Shrewsbury School

Creative Writing Society President wins prestigious Poetry Prize

Friday 17 September 2021

The President of our Creative Writing Society was crowned the winner of the prestigious nationwide Young Romantics Prize on Thursday night. 

Eustacia F (UVI, M) was announced as one of the winners The Keats-Shelley Memorial Association’s 2021 Young Romantics Poetry and Essay prizes. 

Eustacia was announced as a shortlisted entrant earlier this month, and was declared winner by the Chair of the Judging Panel, Simon Barnes.

Eustacia (pictured far right) with other members of the Creative Writing Society

James Fraser-Andrews, English teacher in charge of Creative Writing, said: “Eustacia has been a driving force of the Creative Writing Society ever since Fourth Form. She so richly deserves this prize for all the creative leadership she has shown in the society as its president, and in the perseverance and determination she brings to her own craft, honing her impressive natural gifts, and shaping a wonderfully inventive and distinctive voice. So many pupils have been inspired by her during Thursday afternoon activities: I am thrilled that she has now been recognised for her writing on a national stage. She fizzes with enthusiasm for writing – and I can’t wait to read her debut novel that’s currently under way!”

Deputy Head (Academic) Dr Richard Kowenicki, added: "It is wonderful to see how we nurture academic talent in the classroom can lead to such magnificent achievements outside the classroom. Congratulations to Eustacia on this outstanding award, which I know she has worked hard for. I hope that she and all Salopians continue to put themselves forward for fantastic opportunities like this."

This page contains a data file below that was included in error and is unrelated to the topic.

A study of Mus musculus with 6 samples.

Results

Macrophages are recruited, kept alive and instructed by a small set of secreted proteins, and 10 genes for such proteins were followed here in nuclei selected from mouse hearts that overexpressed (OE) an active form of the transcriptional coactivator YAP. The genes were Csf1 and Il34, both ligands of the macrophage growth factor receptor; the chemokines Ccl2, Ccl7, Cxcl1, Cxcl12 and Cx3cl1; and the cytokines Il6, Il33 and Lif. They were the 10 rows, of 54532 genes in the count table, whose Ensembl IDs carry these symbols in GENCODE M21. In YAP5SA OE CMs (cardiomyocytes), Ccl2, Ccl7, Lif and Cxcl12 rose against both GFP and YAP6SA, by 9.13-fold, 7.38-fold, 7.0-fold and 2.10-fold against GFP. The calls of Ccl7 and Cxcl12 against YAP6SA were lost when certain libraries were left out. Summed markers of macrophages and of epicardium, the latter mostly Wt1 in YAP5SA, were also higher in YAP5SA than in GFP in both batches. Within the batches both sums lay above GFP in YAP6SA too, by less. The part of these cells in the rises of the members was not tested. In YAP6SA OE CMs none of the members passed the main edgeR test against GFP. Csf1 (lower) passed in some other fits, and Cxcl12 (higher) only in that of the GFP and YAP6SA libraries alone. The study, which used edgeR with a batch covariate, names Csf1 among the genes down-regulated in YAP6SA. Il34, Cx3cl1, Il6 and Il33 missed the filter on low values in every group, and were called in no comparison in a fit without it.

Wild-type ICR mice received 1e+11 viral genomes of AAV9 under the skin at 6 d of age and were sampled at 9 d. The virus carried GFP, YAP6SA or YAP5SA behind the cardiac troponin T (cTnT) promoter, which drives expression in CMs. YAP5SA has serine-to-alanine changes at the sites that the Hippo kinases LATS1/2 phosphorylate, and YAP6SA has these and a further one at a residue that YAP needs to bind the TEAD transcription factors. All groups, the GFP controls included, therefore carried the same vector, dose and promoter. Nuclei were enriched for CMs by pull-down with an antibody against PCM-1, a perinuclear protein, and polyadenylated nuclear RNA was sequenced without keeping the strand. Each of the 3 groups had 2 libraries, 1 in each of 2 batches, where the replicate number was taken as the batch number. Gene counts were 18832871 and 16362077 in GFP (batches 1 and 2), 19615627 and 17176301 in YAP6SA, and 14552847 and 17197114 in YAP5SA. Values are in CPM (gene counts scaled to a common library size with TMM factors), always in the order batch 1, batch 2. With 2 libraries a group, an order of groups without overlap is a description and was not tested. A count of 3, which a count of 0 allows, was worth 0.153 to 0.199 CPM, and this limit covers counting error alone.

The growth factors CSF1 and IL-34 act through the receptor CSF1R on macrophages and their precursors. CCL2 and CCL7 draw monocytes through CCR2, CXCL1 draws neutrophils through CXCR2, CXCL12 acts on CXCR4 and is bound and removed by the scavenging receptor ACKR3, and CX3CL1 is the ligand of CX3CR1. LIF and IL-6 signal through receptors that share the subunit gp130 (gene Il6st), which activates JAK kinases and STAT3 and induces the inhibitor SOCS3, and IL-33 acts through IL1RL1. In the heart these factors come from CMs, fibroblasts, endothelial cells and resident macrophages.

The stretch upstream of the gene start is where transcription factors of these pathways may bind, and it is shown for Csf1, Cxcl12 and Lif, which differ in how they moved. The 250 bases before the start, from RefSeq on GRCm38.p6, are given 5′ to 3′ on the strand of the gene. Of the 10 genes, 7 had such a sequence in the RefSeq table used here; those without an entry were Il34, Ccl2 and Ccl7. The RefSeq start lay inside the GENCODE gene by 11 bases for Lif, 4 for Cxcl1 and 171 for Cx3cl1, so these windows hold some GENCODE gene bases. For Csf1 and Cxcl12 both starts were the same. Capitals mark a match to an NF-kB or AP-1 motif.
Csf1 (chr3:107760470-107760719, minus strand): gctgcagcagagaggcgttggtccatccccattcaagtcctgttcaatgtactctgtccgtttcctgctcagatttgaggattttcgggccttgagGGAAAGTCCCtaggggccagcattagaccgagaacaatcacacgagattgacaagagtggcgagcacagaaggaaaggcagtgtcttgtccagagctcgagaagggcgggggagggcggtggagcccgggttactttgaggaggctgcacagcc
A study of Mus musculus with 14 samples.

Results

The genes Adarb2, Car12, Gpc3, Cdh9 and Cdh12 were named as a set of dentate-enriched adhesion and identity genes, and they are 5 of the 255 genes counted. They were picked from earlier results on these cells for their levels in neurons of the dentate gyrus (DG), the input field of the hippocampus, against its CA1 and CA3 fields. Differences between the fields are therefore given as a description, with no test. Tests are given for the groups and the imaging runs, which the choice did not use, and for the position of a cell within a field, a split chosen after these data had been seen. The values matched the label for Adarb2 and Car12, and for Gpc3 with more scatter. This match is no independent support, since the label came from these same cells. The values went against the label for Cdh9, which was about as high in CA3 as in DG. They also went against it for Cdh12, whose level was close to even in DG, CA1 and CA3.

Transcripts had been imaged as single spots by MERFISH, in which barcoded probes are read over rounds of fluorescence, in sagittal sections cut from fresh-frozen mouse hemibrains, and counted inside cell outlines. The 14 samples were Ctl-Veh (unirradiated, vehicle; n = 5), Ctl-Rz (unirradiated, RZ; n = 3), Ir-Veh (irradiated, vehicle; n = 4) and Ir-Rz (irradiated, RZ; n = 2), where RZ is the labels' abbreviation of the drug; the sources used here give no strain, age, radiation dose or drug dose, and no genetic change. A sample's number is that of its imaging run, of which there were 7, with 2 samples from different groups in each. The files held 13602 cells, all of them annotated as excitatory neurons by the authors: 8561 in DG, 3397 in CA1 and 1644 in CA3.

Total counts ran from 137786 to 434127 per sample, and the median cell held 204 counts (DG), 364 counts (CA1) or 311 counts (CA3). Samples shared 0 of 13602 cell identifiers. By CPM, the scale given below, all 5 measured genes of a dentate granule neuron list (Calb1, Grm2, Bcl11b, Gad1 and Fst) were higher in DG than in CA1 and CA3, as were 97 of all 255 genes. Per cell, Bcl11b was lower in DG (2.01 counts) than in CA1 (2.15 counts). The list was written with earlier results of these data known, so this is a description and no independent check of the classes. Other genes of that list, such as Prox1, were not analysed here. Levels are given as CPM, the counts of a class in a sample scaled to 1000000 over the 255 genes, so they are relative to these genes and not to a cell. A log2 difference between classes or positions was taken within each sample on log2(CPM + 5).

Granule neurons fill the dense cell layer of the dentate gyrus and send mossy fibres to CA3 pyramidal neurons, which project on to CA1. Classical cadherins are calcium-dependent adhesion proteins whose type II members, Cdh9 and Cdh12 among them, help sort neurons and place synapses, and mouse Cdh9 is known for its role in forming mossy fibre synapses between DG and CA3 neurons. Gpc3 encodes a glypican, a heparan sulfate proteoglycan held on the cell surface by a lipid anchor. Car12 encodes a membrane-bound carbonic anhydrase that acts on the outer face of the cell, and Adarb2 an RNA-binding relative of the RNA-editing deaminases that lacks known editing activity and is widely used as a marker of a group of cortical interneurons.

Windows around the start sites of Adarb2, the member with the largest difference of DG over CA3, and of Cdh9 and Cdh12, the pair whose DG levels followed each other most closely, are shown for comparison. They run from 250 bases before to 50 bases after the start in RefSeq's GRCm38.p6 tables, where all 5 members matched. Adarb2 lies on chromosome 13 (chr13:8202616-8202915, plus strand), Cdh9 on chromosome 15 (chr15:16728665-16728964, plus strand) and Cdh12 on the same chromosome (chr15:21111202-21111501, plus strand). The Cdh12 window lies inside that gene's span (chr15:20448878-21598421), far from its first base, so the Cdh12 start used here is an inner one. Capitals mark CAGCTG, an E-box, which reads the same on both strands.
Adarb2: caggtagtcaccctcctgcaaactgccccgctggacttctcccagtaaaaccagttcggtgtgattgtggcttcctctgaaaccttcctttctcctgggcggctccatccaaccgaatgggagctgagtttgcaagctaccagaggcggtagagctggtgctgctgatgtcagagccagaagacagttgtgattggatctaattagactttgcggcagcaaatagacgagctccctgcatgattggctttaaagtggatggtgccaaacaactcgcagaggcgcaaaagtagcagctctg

Award-winning poetry judge Will Kemp described Eustacia’s poem: “An effective and imaginative poem with rich imagery and variety by an accomplished story-teller with a keen eye for detail and an ability to thread a neat narrative between an engaging opening and a confident ending.” 

Congratulations Eustacia! 

The Sixth Former’s poem, A Craftsman’s Tale, can be read below: 

A Craftsman’s Tale I used to own a star-strewn sky. I could hollow tales  

Out of a craftsman’s eye, and draw his sorrows  

With a pail out of a haunt well, filled with darks  

And distortions and echoes of fruit-flies. His limp  

Told his glories in war, or his chivalrous battles  

For his fairy bride, or a venture afar, onto the peaks  

Of the Himalayas, where he tiptoed to glean  

From the moon’s surface, a speck of dust, 

Gossamered with legends from lonesome times,  

And hid it in his trouser pocket for his sweetheart.  


Each night I lay under the heaven, and with a misted gaze  

I picked the brightest stars and scissored them out  

And sewed them together with other evening fires; or knelt  

Just below the waterline, in search of the dreamiest lustre  

A pearl could shine, and gathered all of them and piled them  

Into a stream of diamond rays, with crystal reeds and eddies 

 And fish sculpt in ice. But as the sun hovered past,  

Those scenes smoked away, till all that remained were  

A piece of paper and a pencil stump. And I seemed to see  

More to suffering, than a tear from an aching eye. 


 Away from the glow worms, exhaust smokes vex the night.  

From the aquarium-like houses, there stare  

Grins and grimaces and vacant brows.  

Children stealing crumbs from the table cloth.  

A splat and a clatter, as the mother squashes a fly.  

The father slamming the door, it takes twice to have it shut.  

An array of dirty dishes, as the hosepipe goes Drip, drip, pause, drip drop.  

Stove burning low… The paper-crafted stars, the conch-crafted moons,  

In water they all came, in water they’ll all go.